Our graduates have pursued careers as:

  • artists
  • entrepreneurs
  • librarians
  • researchers
  • community workers
  • graphic designers
  • marketing consultants
  • sociologists
  • editors
  • historians
  • musicians
  • writers
  • educators
  • humanitarian workers
  • policy professionals
  • political advisers
  • youth workers
  • advocates
Humanities & Social Sciences

About humanities and social sciences

One degree offers many courses of action. When you study humanities and social sciences with us, you’ll open your world by exploring your interests in greater depth, mastering new subjects and learning how to think critically. Choose from a range of majors and minors including history, mathematics, politics, international development, youth work, philosophy or creative writing.

A personal touch

Small class sizes and engaging and industry leading teaching staff who know your name make studying humanities and social sciences at ACU a high-quality experience. Our staff are widely published researchers and practitioners in their chosen field and are recognised for their teaching excellence as well as their commitment to creating a supportive, personalised learning environment.

Become job-ready

Our Arts Advantage Program will give you the tools to confidently step into the job market. You can also volunteer at a non-profit organisation to build on-the-job skills, or be a part of the Big Idea – a social enterprise competition designed to provide innovative ideas to help homeless, marginalised and disadvantaged Australians.

Rewarding excellence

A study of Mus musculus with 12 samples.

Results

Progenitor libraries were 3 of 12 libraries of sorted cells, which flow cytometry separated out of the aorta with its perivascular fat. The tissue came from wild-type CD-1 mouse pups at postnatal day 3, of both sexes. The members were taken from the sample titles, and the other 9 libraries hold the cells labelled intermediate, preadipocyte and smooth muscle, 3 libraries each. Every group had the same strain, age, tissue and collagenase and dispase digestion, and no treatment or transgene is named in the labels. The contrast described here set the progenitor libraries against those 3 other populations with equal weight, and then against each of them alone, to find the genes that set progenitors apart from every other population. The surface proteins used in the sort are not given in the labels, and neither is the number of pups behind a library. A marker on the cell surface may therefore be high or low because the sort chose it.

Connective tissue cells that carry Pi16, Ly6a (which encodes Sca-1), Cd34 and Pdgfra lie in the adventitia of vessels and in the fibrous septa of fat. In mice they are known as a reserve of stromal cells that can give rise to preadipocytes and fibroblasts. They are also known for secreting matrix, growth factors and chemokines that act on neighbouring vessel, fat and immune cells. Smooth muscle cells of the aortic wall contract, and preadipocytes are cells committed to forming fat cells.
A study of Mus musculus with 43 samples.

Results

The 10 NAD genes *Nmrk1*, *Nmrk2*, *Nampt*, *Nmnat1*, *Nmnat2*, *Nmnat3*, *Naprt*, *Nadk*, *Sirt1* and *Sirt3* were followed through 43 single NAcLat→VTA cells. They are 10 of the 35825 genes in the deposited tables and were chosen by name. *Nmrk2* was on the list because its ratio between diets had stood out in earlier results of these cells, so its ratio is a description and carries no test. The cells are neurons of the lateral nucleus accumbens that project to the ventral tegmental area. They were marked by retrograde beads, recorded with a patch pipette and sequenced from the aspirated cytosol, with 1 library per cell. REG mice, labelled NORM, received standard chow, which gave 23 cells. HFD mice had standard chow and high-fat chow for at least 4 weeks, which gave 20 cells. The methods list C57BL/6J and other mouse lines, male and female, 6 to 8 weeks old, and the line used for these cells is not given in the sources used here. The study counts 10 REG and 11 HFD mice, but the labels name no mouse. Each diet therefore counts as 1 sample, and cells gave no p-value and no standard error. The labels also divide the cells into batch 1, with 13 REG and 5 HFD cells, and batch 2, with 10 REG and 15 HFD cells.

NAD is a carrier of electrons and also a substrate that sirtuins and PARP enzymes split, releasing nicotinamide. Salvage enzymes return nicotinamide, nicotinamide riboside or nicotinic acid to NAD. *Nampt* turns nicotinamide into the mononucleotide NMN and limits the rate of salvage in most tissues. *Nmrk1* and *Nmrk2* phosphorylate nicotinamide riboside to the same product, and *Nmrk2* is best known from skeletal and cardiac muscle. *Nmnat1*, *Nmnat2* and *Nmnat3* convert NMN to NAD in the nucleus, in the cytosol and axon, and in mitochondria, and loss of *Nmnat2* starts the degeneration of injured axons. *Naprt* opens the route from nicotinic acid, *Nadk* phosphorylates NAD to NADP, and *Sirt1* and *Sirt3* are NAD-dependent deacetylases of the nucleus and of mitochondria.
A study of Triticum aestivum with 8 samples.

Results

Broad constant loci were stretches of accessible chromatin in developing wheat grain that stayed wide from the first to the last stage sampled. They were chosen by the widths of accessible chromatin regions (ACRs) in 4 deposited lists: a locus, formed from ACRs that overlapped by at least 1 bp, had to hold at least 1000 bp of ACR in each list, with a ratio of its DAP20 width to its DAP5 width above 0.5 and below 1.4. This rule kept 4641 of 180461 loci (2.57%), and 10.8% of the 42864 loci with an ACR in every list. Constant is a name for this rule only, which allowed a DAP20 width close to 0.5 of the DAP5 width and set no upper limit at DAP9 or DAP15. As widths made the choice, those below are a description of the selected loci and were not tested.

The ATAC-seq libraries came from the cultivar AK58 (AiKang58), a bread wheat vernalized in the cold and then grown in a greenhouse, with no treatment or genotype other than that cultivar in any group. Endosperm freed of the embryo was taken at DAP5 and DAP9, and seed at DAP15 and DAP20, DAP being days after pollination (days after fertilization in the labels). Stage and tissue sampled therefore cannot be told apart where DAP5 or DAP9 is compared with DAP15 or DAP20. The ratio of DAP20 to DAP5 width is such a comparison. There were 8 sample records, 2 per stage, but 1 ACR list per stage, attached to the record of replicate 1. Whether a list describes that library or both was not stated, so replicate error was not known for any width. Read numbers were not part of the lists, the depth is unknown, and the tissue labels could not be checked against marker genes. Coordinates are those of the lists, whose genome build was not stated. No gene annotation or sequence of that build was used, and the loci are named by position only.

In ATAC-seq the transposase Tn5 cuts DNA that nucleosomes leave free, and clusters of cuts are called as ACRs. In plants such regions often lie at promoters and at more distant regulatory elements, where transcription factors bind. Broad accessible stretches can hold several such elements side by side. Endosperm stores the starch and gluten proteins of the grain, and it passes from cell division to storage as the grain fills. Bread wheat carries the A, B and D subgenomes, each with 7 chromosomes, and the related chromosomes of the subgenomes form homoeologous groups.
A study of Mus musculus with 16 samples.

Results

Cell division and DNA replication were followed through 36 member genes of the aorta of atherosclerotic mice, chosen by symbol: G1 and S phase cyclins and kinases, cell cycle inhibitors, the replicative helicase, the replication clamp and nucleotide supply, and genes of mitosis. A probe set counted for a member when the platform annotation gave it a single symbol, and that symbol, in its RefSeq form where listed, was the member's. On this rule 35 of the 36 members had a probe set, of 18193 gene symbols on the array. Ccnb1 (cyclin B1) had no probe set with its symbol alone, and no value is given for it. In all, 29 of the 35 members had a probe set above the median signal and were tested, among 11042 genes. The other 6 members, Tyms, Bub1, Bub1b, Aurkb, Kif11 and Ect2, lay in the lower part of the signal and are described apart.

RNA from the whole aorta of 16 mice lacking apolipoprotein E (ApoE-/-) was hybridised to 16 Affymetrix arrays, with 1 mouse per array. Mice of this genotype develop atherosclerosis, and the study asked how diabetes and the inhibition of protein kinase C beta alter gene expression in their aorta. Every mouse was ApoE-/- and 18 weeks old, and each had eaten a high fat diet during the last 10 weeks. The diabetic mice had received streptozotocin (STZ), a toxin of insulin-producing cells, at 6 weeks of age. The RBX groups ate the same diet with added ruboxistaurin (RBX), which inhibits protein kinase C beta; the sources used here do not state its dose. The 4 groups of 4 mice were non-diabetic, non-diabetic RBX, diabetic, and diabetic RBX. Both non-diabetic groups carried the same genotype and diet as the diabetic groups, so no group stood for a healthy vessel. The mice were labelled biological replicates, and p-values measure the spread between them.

Work hard in your first year and you may be invited to join the National School of Arts and Humanities’ Scholars Program. The students invited into this annual program have the opportunity to work with the school’s top research staff and to devise and complete an individual research project with a mentor.

See the world

Our humanities and social sciences students go on amazing adventures. This could include semester exchanges or completing an intensive overseas unit where you will tour literary and theatrical landmarks in New York or follow 600-year-old flood markers around Rome. You can also study a Core Curriculum unit at our Rome Campus or in Beijing, Leeds, Paris or New York.

Study overseas

Student profile Louis Kuhlmann

Louis Kuhlmann

Bachelor of Arts (Honours)

“So many of my teachers at ACU have been hugely influential. I can say with complete confidence that I am a far different person now than who I was at the beginning of my degree.

Being a smaller university, you have an opportunity to really get to know your teachers. In my experience, all of them are genuinely interested in getting to know their students too. This has been invaluable to my learning.

Coming here I made a conscious effort to get involved in the things I was interested in, rather than the things I thought had some practical value to help me reach some destination. It has allowed my university experience to be much more about discovering my passions and making my career fit me, rather than the other way around ”

Staff profile _0002_Maggie Nolan photo

Dr Marguerite Nolan

Dr Marguerite (Maggie) Nolan is a Senior Lecturer in the humanities in the National School of Arts and Humanities, and Deputy Head at ACU’s Brisbane campus. She joined ACU in 2002 after completing her PhD at the University of Stirling as a Commonwealth Scholar to the United Kingdom. She also holds a Master of Arts from the University of Queensland.

Her current research project explores the role of book clubs as civic spaces in Australian cultural and social life.

In addition to her work on reading and reception, Dr Nolan’s research interests include contemporary Indigenous literatures, representations of race and ethnicity in Australian cultural history and the complex issues raised by hoaxes and imposture in Australian post-war literary history.

A widely published author both in Australia and internationally, Dr Nolan is also an editor of the peer-reviewed Journal of Australian Studies, and is an executive member of both the International Australian Studies Association (InASA) and the Australian Universities Literature and Languages Association (AULLA).